3.03.2012

My Week: March 3, '12

Gummo
Harmony Korine, 1997
I'm not surprised to have received this recommendation based upon my recently discovered adoration of Pasolini's "Salò". Harmony Korine's apt "Gummo" displays the barbaric cores in all of us that surface in the highlighted culture with pale societal structure as mere obligation - as though oppression of the unwittingly grungy human spirit - where there is little to nothing encouraging more sophisticated being. In a sense I feel this may be Korine's "Clerks" in that while subsequent titles may be more specific and affecting (as evidenced immediately below), this will always be what perfectly sums up the filmmaker's relevance in both in subject and in execution. It's so unpleasant, and so good. I couldn't wait for it to end, yet I was finding it brilliant throughout. "Yes, Jesus loves me." Screenshots after the jump.

Julien Donkey-Boy
Harmony Korine, 1999
Coming absolutely from the same world as that of "Gummo", Korine's more dramatically faceted and utterly crushing feature follow-up to that portrait of basal humanity imbues a more focal character as uncomfortable to follow as he is sympathetic. On the heels of that premiere auteur effort, it took me a while to warm up to "Julien". I mean, simply based on the other film's cats, I was wincing just thinking of the horrible things our protagonist might do to that turtle. From an outsider perspective, I'd say Julien himself represents how many of us view ourselves, no matter the truth of our impact or social reputation - the enthusiastic abandon regarding personal identity and endeavors and the inescapable clumsiness, haste, small-mindedness and hate that defines our self-significance and results in a seemingly doomed culture of zealots and nobodies. Between this and "Gummo", I am thoroughly impressed with Korine. I can hardly think the man's name now, without feeling a circumstantial lump in the pit of my being simply due to his subject matter and Dogme 95 (or at least Dogme 95-esque) approach to it. Anyone else notice what is essentially "Sydney's Loop" right after the bacon sequence? If you can even remember it after that ending, that is. I'm still attempting to retain composure.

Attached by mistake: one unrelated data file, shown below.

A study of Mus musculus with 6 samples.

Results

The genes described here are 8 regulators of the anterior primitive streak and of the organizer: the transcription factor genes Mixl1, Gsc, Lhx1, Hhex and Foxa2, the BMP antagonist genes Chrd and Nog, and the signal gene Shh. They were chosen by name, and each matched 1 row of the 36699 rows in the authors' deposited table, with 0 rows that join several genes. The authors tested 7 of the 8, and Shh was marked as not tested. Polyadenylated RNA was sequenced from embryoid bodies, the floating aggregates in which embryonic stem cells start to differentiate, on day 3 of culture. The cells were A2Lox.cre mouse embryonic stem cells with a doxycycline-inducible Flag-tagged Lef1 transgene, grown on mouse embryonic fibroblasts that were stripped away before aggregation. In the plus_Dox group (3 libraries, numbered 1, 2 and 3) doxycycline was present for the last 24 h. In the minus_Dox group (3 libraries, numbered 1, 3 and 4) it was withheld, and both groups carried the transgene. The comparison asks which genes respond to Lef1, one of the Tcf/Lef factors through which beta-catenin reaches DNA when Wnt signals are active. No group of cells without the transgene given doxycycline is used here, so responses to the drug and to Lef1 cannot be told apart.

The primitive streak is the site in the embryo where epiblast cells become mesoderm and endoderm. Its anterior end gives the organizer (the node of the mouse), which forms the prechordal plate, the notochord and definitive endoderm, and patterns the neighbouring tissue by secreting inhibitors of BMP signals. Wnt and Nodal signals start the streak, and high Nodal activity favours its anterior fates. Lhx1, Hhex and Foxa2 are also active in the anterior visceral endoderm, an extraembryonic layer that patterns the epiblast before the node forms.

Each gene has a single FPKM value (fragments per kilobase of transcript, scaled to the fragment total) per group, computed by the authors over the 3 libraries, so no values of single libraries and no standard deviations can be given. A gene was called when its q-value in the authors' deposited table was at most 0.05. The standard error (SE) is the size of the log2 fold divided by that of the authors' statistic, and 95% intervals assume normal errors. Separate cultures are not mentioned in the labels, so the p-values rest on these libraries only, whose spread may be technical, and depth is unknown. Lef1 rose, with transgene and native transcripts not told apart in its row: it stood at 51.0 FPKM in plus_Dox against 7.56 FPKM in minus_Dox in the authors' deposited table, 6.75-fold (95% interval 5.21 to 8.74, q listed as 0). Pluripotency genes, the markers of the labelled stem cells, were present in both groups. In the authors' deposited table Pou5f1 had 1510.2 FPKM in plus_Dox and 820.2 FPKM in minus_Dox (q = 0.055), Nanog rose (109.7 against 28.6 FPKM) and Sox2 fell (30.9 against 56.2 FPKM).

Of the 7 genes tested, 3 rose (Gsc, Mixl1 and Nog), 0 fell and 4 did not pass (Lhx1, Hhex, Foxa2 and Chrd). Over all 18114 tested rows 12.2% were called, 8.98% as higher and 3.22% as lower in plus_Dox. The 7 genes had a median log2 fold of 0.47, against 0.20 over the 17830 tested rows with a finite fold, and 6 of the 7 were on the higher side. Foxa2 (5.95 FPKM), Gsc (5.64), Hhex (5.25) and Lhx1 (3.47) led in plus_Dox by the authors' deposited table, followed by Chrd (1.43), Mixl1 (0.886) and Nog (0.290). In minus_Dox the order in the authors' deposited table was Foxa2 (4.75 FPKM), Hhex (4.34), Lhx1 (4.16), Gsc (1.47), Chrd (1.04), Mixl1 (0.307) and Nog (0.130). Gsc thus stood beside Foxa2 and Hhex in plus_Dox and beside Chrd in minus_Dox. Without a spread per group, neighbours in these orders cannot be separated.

OSS 117: Le Caire, nid d'espions (OSS 117: Cairo, Nest of Spies)
Michel Hazanavicius, 2006
Like a more earnest "Austin Powers" that looks back in cinematic legacy further than "Bond" to mine its uproariously parodic and practically sketch-based humor that features some instantly classic bits. This only makes perfect sense to be found in the catalogue of the team behind "The Artist". Dujardin is so good I wound up dreaming of tandem bicycling with him o'er a cobbled path by a babbling brook... before we then accidentally got on a freeway traveling the wrong direction and wound up in the middle of a bustling greyhound racing track.


Further first-time viewings:

Dr. Seuss' The Lorax - Kyle Balda & Chris Renaud, 2012
FOX News is right! "The Lorax" is a shamelessly classic case of propaganda with roots in the subjects of iconic Soviet examples such as Davydov’s "Shareholders" and Borzilovsky & Prytkov’s "The Millionare" and the blatant structures of Disney’s notorious WWII cartoons. Thing is, although the obvious purposing cheapens it (the thing ends with an anthem and a quote, for crying out loud), it’s environmentalist, anti-corporation propaganda. That’s A-OK with me! Read the full review at Reel Time.

Puss in Boots: The Three Diablos - Raman Hui, 2012
Quite cute. And often very funny. The big eyes gag has officially run its course.

Il cittadino si ribella (The City Rebels) - Enzo G. Castellari, 1974
AKA "Street Law". It sports an obviously different storyline, but this reminds me of a relatively more produced "Blazing Magnum" (AKA "Shadows in an Empty Room"). This is a good thing, and "Street Law" is grittily entertaining for it, though I suppose I'd really just rather rewatch the great and greatly raw "Blazing Magnum".

Jodái-e Náder az Simin (The separation of Nader from Simin) - Asghar Farhadi, 2011
AKA "A Separation". A realist's intimate look in to dynamics of Iranian family life. With superficial reliance on performances and dialogue, it is the unspoken that reigns crucial to the conduct and respective fates of our characters. Also, the movie is dreadfully boring.


Total: 7

Rewatches (3): Puss in Boots (Miller, 2011), Indiana Jones & the Kingdom of the Crystal Skull Review (Stoklasa, 2011), Star Trek: First Contact Review (Stoklasa, 2009)

Video Games (3): Streets of Rage 2, Sonic the Hedgehog 2, Golden Axe
- Made it to the final boss of Streets of Rage 2! Granted I'm tweaking myself up to 8 lives per continue thanks to the PS3 launch menu's noob-friendly customizations. Man, my 12-year-old self would be embarrassed. I'm using personal favorite Max now (Axel's a very, very close second), but I could have used Blaze and beat the sucker without even falling to my final continue back in the day. That rollerskate kid, though, that's another story. No, thanks.